Adam Deacon has had quite the journey. Having slowly risen through the ranks of the British film industry, in 2012 Deacon won the BAFTA Rising Star award (beating Tom Hiddleston, Eddie Redmayne, Chris O’Dowd and Chris Hemsworth). A true multi-hyphenate, he was hailed as a talent to watch in acting, writing, directing, producing, rapping — even beatboxing. But legal and mental health issues (he was sectioned in 2015) and very public conflicts with his former collaborator Noel Clarke led Deacon to openly ponder in multiple interviews if his career was over.
Now he’s back with aplomb, in a spiritual sequel of sorts to his 2011 directorial debut, Anuvahood. Like that film, Sumotherhood is kind of light-hearted parody of the sort of gritty urban British thrillers that Deacon himself became known for in the 2000s (including Kidulthood and Adulthood), while also celebrating the culture it affectionately spoofs — a kind of council-estate The Naked Gun.
As with American hood-comedy precursors like Don’t Be A Menace or Friday (a poster of the latter is displayed prominently in this film), Sumotherhood has the capacity to make serious points even with its aggressively stupid humour. As well as the surface-level social commentary on London’s deprivation and heavy-handed policing, Deacon draws from real-life here, casting himself as Rico: a “roadman for life” who has his struggles with bipolar disorder. The scenes where he flips out after forgetting his meds are genuinely affecting; the moments where he finds solidarity with a fellow gangster who has autism are a welcome bit of vulnerability in a film with a macho target audience.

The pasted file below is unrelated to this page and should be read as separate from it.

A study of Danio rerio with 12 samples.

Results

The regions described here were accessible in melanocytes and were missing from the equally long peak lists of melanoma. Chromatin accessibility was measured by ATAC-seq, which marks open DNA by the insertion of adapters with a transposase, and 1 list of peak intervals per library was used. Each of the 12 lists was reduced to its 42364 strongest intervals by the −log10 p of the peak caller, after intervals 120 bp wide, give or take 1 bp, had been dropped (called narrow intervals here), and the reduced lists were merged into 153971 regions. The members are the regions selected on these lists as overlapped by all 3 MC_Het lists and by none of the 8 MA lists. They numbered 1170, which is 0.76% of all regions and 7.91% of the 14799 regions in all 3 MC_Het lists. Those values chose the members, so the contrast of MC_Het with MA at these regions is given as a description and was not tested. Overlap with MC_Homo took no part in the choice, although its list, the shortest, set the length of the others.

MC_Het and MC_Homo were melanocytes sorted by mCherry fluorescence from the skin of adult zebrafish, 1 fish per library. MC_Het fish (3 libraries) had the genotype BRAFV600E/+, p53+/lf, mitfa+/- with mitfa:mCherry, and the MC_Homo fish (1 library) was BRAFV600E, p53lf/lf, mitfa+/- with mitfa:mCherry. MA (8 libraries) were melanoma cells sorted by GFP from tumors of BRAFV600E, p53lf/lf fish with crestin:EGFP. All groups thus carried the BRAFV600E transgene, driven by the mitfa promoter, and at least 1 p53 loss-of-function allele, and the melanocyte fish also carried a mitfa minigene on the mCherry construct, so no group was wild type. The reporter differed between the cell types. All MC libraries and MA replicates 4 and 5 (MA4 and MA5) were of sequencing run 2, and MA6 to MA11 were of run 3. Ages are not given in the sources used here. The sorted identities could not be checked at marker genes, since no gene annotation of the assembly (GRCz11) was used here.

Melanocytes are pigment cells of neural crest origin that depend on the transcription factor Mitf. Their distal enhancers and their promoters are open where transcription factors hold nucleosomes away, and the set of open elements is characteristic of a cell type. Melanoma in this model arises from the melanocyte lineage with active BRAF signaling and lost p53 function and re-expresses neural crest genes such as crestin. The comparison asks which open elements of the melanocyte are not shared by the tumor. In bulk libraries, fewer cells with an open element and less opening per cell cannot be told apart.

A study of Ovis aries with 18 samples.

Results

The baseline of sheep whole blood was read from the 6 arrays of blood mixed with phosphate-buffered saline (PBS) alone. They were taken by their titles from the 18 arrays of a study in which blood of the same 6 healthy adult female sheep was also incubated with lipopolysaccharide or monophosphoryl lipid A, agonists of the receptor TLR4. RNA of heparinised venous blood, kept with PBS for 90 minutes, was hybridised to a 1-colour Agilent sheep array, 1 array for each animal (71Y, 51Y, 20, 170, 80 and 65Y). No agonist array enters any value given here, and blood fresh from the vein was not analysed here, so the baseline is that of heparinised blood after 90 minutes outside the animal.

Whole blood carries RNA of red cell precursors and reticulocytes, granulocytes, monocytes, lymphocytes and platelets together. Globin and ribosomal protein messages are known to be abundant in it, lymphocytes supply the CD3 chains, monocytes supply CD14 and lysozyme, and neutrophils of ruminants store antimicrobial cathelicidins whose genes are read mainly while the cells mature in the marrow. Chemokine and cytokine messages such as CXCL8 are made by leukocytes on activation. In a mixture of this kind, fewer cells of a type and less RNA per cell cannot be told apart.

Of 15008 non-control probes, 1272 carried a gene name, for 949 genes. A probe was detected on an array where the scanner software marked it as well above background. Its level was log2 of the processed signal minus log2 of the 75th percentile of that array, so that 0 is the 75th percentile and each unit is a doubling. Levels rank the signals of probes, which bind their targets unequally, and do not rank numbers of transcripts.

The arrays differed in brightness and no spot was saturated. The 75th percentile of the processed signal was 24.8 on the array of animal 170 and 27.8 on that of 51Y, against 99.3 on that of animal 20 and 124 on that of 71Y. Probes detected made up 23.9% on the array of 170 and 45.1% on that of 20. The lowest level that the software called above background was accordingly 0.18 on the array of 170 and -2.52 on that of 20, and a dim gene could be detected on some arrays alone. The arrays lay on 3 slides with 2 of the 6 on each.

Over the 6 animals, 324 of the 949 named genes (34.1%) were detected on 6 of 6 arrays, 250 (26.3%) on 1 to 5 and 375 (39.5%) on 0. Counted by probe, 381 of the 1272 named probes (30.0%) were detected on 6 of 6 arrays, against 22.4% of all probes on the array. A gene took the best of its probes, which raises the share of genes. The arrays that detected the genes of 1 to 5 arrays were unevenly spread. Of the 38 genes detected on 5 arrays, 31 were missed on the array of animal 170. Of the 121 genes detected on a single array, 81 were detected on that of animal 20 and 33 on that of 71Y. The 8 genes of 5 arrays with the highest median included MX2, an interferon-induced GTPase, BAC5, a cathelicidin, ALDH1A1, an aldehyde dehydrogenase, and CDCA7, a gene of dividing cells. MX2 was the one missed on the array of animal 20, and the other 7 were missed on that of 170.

Adam Deacon has been through the wringer, and he deserves this kind of comeback.
But make no mistake, this is a film with a goofy sense of humour, no joke left unturned. You can admire Deacon’s go-for-broke approach even if the mile-a-minute gag-rate is a bit hit-and-miss, and while some of the acting veers more pantomime, you only have to wait five minutes for another mad cameo from British pop culture to sneak up on you — most memorably Ed Sheeran as a crackhead getting his pubes out (almost redeeming that unforgivable Game Of Thrones appearance), and the Rt Hon Jeremy Corbyn MP committing to celluloid an extraordinary delivery of the line: “Allow it, wasteman.”
While the dialogue might have some viewers of a certain disposition turning to Urban Dictionary after watching — the appearance of the ‘Murkle Man’ is a joke only UK grime fans will appreciate — it has a uniquely British sense of humour that welcomes all comers, with references to Gogglebox, Nectar points and the wielding of “BTEC boxers” as a devastating insult. It’s scrappy and overly full of characters and ideas, and like Anuvahood, it is excessively blokey, with female characters sometimes sidelined to mere objects. But overall, it is a great thing that this film exists: Adam Deacon has been through the wringer, and he deserves this kind of comeback.